Thanks for the cow Campbell. Appreciate it!
Campbell Ritchie wrote:Well done getting that far and for all the searches you have done. I think your effort so far merits recognition.
The choice of having the methods static is not mine. It's the way Hackerranks works internally. I can't change the class name (must be Solution) and since main is given as static, so the methods must be otherwise it won't compile in the site.
Campbell Ritchie wrote:Is that conceptually a pure function with no side-effects? If so, it is reasonable to make all methods static. Or is there some piece of information linked to several sizes of triangle, in which case you should maybe consider an object solution.
The main purpose there isn't the "beauty" of the code but the results. I agree with you though. By the way, will this type of changes affect the speed? (newbie question ).
Campbell Ritchie wrote:I think you should move all that code out of the main method, anyway. Consider making the methods smaller, but more of them.
It's a bit complicate yes. But it's due to the way we get the values in the sequence. It's different for odd and even numbers. But i'll think about ways of simplifying it.
Campbell Ritchie wrote:Have a look at the loop in lines 17-34. That looks complicated, but I think it can be simplified. You know you can speed up i % 2 by using (i & 1) == 0 (or != 0 or similar)?
Thanks for the info. Now that you mention it, makes sense that a bit manipulation would be faster than a remainder operation...
Campbell Ritchie wrote:You know you can speed up i % 2 by using (i & 1) == 0 (or != 0 or similar)?
If there is than didn't find it yet... Must think about it.
Campbell Ritchie wrote:Is there a faster way of finding τ0 than a linear search?
This one i didn't understand... What prime numbers? I use prime factorization in τ0 yes. But i did that cause i think it is faster than finding the divisors using the brute force remainder opperation from 2 to sqrt() of the number... Other than that i don't see any other primes... Of course it would be good and faster if i simply assigned divisors = 2 if the number is prime... But that would mean that i would need to test the number to see if it is prime... And that means calculating the divisors again...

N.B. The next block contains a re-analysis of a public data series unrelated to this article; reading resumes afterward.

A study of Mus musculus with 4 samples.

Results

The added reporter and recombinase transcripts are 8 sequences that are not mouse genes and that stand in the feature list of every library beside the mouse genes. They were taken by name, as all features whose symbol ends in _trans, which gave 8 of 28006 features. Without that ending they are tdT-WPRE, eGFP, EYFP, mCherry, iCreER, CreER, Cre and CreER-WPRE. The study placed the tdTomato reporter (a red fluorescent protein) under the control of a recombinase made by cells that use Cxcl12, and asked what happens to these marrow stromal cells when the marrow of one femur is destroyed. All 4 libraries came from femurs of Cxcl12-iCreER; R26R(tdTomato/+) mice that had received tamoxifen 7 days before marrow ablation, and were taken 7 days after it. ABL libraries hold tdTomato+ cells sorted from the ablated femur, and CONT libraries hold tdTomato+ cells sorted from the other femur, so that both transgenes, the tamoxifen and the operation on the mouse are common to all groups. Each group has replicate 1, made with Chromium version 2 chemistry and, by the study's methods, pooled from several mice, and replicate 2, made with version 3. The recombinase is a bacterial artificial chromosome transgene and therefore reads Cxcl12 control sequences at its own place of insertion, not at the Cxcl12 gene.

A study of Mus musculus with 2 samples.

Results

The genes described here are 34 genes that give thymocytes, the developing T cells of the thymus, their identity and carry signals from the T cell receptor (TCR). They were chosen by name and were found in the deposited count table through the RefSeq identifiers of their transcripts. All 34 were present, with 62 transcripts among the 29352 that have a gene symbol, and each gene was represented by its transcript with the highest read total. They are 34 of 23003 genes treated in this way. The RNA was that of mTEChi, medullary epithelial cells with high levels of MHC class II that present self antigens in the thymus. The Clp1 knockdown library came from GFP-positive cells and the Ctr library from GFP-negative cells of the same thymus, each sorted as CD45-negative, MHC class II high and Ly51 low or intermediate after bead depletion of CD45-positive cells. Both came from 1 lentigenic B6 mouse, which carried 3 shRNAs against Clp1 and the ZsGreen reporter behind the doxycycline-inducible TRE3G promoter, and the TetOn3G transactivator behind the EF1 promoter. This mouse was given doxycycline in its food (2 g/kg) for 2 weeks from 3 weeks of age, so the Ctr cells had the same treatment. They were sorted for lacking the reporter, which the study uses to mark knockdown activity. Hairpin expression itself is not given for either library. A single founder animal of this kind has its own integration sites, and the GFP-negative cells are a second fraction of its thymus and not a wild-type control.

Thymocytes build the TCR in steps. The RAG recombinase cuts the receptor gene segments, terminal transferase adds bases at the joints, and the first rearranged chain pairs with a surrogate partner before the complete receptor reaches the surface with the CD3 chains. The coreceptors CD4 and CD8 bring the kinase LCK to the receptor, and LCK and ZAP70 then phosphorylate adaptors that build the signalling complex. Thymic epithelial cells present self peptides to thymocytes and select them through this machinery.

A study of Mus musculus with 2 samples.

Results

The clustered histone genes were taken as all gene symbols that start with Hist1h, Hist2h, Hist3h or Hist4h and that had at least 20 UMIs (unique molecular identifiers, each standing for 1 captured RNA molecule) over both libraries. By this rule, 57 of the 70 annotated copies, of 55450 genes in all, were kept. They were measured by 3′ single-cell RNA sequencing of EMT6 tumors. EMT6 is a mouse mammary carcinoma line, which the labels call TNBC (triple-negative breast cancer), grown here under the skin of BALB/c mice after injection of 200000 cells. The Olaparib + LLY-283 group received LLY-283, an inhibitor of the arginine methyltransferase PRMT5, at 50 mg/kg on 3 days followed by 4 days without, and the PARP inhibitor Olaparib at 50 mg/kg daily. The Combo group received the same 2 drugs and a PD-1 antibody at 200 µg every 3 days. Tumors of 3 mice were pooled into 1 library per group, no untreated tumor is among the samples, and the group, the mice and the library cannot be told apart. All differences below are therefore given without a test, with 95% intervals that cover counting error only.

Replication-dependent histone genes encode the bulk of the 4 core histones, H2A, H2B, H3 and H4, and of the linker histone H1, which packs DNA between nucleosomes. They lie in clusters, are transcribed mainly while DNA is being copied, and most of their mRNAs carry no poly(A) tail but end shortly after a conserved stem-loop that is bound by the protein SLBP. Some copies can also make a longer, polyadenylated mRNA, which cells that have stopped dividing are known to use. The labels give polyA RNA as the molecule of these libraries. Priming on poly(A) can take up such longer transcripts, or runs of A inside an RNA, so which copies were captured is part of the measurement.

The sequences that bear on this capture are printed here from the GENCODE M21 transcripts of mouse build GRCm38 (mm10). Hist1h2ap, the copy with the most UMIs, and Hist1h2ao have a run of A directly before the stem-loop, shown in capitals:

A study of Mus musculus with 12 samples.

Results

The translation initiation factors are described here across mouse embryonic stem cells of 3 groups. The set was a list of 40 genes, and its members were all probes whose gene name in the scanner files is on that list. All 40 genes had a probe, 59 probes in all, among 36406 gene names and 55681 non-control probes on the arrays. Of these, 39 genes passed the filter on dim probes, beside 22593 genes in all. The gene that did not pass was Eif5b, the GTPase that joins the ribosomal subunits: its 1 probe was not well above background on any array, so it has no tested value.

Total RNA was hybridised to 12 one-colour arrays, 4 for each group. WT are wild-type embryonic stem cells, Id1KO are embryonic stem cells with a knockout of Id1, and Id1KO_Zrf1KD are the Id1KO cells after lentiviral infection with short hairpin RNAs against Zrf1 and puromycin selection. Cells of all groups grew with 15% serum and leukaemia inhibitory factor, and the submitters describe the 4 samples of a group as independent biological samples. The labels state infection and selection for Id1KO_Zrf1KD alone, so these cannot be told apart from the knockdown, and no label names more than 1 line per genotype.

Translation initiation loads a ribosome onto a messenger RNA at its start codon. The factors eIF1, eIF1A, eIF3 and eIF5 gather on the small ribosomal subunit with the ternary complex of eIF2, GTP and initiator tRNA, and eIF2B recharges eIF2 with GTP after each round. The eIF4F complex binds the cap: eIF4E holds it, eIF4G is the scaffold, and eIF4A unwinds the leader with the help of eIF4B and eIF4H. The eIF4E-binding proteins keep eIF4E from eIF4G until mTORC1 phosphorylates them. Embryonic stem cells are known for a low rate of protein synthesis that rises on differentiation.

Campbell Ritchie wrote:What is that about prime numbers in the integer list link you gave us?
I didn't even consider using a Map. I can use the indexes of the List or ArrayList or Array (whatever i use) to indicate the original number and the corresponding entry as the number of divisors...
Campbell Ritchie wrote:Why are you specifying a particular kind of List? I would have thought that a List was better than an array for most things, but I'll let you work out the details for yourself. Yes, there is no point in working out the same numbers twice, but please work out why a List would be a better store for numbers than something like a Map.
The eternal question of variable names...
Campbell Ritchie wrote:Note how choice of names for booleans makes the loop hard to read; it would be easier to read with needsFinding instead of notFound.
Well maybe... Since we need to square the number to calculate τ0 i guess that at some point it will go beyond the limits of long... Honestly i keep getting timeouts before that...
Campbell Ritchie wrote:Are you sure that all numbers will fit within the bounds of a long? What about τ0, which looks a bit like a factorial. Do you need a BigInteger object to handle those numbers?
The explanation is in the comments!
Norm Radder wrote:An explanation for the magic numbers: 48 and 55 would be useful.
Could the 48 be '0'?
Is the 55 'A' - 10?
char values are numeric and can be used directly without using their int values.
Campbell Ritchie wrote:Why do you think a List is better than an array? I am not convinced that follows.
Perhaps the most famous of all coding schemes is the Morse code, developed by Samuel Morse in 1832 for use with the telegraph system. The Morse code assigns a series of dots and dashes to each letter of the alphabet, each digit, and a few special characters (e.g., period, comma, colon, semicolon). In sound-oriented systems, the dot represents a short sound and the dash a long sound. Other representations of dots and dashes are used with light-oriented systems and signal-flag systems. Separation between words is indicated by a space or, simply, the absence of a dot or dash. In a sound-oriented system, a space is indicated by a short time during which no sound is transmitted. Is to be used the international version of the Morse code (only characters and digits).
Write an application that reads an English-language phrase and encodes it into Morse code. Also write an application that reads a phrase in Morse code and converts it into the English-language equivalent. Use one blank between each Morse-coded letter and three blanks between each Morse-coded word.